On Sunday, I heard one of the Knesset members label the area outside the prime minister's house the "Hill of Cries." That is an appropriate name because the small site has historically been associated with people crying out their troubles for assistance from the nation's policy-makers, headed by the prime minister. But it seems that in Israel, the cries of one group are not like the cries of another.
It is more than two months now that Ethiopian youths have been conducting a vigil in a simple tent outside the prime minister's home. These youths have all served in the army and are citizens who carry out their civic duties, yet their plight does not seem to interest the Israeli public and its elected officials. Perhaps the reason is that Israelis think there is no problem, that the Ethiopians have been here for many years and are well-integrated and receive the same treatment as everyone else. Or perhaps the reason for the silence is that people simply prefer to ignore the problem. They prefer to ignore the fact that even those of Ethiopian descent who were born in Israel fall way behind in their educational achievements. Israelis do not want to see that entire cities in Israel refuse to rent apartments to Ethiopians only because their skin color is different; they choose to ignore an entire community that is treated as if they do not exist.
The Ethiopian community immigrated to Israel in order to bring their Zionist aspirations to fruition. Much has been told about their waves of aliya (immigration) and the great suffering they underwent to reach Israel — but little has been told about their absorption in Israel. The immigrant Ethiopian community viewed Israel as a home, the target of their messianic and Zionist yearnings but when they arrived, they discovered that their very religious beliefs and Jewish identities were cast in doubt — the very religion that supported them over thousands of years in exile.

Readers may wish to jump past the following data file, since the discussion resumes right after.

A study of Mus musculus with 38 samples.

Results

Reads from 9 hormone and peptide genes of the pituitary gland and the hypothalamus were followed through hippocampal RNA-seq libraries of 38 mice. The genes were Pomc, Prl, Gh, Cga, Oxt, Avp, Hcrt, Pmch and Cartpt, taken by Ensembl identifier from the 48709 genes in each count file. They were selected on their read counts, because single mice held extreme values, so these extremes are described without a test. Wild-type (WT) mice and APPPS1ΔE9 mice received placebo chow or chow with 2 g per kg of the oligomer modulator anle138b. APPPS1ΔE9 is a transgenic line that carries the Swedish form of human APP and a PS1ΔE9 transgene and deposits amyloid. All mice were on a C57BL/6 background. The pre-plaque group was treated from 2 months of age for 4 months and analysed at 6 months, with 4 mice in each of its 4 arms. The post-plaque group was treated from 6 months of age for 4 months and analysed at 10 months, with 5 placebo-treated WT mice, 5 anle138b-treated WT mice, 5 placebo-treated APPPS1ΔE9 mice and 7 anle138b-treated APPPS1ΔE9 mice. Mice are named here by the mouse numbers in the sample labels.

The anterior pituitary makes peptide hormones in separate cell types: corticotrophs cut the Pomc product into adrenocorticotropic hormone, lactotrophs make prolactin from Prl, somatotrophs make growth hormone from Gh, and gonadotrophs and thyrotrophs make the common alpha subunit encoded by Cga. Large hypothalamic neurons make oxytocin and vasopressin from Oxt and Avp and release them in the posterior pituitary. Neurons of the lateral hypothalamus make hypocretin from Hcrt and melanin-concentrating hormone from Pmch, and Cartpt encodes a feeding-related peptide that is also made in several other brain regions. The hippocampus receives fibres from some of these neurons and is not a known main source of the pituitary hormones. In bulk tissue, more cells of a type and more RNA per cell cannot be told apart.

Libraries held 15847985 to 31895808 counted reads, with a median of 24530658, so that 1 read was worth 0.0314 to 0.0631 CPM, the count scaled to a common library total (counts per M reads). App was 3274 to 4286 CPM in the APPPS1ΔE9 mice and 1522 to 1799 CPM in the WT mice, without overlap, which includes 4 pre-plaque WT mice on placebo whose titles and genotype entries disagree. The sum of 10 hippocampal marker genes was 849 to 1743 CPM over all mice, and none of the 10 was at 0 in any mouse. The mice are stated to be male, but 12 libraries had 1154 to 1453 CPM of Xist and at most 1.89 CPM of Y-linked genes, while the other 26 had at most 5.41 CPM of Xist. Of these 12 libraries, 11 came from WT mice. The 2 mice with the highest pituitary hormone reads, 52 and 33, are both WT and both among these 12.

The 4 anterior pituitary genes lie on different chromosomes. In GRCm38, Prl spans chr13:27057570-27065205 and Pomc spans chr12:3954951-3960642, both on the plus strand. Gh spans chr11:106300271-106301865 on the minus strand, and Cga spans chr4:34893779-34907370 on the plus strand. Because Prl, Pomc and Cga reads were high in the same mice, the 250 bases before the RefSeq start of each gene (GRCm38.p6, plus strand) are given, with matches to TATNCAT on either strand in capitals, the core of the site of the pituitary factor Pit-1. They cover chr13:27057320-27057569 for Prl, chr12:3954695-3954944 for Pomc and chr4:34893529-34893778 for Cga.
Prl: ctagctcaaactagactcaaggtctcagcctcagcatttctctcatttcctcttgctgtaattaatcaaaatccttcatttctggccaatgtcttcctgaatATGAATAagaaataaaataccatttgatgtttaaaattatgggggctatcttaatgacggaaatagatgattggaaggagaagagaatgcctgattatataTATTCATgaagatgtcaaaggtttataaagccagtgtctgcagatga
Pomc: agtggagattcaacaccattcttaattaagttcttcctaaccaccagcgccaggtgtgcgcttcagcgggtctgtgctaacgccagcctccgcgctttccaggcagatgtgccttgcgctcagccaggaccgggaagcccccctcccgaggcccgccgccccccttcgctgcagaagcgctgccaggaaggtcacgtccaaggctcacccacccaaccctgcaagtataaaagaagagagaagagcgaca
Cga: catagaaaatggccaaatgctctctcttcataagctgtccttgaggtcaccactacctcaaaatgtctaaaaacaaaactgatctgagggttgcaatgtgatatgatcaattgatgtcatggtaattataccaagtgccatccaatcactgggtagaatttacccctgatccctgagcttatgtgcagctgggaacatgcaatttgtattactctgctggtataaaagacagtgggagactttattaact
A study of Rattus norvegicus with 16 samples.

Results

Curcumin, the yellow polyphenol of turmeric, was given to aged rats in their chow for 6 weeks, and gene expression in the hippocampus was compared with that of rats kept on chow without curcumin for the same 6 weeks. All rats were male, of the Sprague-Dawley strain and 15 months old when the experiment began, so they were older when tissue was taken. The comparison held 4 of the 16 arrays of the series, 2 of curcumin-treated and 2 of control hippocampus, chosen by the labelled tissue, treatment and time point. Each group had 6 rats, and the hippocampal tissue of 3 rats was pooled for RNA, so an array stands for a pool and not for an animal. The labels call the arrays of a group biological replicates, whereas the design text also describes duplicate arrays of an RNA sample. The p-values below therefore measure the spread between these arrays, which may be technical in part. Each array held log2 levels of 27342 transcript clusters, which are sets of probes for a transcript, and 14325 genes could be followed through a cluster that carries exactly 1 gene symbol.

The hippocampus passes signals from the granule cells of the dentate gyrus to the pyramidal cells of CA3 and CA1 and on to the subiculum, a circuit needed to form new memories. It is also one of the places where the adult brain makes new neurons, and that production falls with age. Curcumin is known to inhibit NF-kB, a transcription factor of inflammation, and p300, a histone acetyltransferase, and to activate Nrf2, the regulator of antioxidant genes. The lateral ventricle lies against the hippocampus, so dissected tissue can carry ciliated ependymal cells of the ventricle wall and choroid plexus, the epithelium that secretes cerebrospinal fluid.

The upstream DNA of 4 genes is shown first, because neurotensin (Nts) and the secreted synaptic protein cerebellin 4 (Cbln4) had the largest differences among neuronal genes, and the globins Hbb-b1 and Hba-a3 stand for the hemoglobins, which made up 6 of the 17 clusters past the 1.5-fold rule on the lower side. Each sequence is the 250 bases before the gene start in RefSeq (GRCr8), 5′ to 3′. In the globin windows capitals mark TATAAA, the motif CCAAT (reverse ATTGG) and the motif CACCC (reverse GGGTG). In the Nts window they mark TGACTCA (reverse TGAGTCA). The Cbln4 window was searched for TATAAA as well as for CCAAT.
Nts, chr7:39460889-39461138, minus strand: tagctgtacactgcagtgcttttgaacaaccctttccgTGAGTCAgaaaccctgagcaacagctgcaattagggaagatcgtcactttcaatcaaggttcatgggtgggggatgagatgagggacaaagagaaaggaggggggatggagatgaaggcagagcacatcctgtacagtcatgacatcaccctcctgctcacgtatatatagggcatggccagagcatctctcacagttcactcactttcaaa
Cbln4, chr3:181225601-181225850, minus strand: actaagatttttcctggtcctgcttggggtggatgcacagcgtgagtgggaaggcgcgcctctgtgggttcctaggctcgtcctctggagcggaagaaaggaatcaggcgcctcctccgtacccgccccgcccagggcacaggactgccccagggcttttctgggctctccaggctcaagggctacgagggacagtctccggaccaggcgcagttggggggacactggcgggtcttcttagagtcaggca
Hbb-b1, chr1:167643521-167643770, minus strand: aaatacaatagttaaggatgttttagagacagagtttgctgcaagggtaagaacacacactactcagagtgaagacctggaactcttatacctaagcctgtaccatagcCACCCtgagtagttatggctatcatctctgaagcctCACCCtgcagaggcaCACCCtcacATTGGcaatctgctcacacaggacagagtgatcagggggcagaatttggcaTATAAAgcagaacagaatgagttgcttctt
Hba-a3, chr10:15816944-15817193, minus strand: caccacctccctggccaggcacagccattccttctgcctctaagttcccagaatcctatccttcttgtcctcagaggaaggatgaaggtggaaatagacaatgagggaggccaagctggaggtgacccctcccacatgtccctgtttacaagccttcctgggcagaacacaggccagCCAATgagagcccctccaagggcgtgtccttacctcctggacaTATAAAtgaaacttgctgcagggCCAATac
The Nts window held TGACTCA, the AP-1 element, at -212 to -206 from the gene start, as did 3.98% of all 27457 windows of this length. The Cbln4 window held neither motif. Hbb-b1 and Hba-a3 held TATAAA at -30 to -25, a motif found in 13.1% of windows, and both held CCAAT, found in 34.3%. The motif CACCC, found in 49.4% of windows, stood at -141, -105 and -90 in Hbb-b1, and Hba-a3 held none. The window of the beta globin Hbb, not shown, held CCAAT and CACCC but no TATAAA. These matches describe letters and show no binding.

The Land of the Fathers that they had praised and glorified while still in Ethiopia — this land received the newcomers coldly. The holy land, the country they had dreamed about for thousands of years and for which they risked their lives, now gives them no choice. Most Ethiopians live in neighborhoods containing a high percentage of immigrants for the simple reason that when immigrants try to leave their neighborhoods and integrate into Israel's diverse society, they encounter great obstacles. When they try to find alternate residences, they must search high and low to find someone who will agree to rent to them. This is the worst form of discrimination, camouflaged discrimination, which actually happens but is not based on discriminatory legislation or discriminatory directives. On paper, our country mandates equality for all but unfortunately, the reality is very different.
After the difficulties involved in moving out of the old neighborhoods come the difficulties involved in integrating into society, even by way of the educational system. We encounter the phenomenon of "Ethiopian-only classes" in which the scores on the Metzav (Measure of School Effectiveness) achievement tests are among the lowest in the educational system. Thus it is precisely the educational system, on which much hope was pinned for promoting the children of immigrants toward equality, that was not wise enough to exploit its existing resources appropriately. This has created a very deep split.
The problem of the Ethiopian denomination is the problem of all Israeli society and we must understand that we need to deal with it as a society. Whoever suffers racism by the country in which they are raised will turn their backs on that country and its institutions in the near future. We are cultivating a minority that feels disconnected and discriminated against, and this concerns each and every one of us. We must wake up and support their protest to condemn the racism that is eroding the fabric of Israeli society.
Their welfare is our welfare.
MK Shlomo Molla
Shlomo Molla is Deputy Speaker of the Knesset. Born in Ethiopia, he walked to Sudan where he was rescued by Israeli forces and arrived to Israel in 1984. A Kadima party MK since 2008, his parliamentary work focuses on social issues (fighting racism, preventing illegal immigration) and cross-border relations (with Europe and USA) as well as fostering a two-state solution.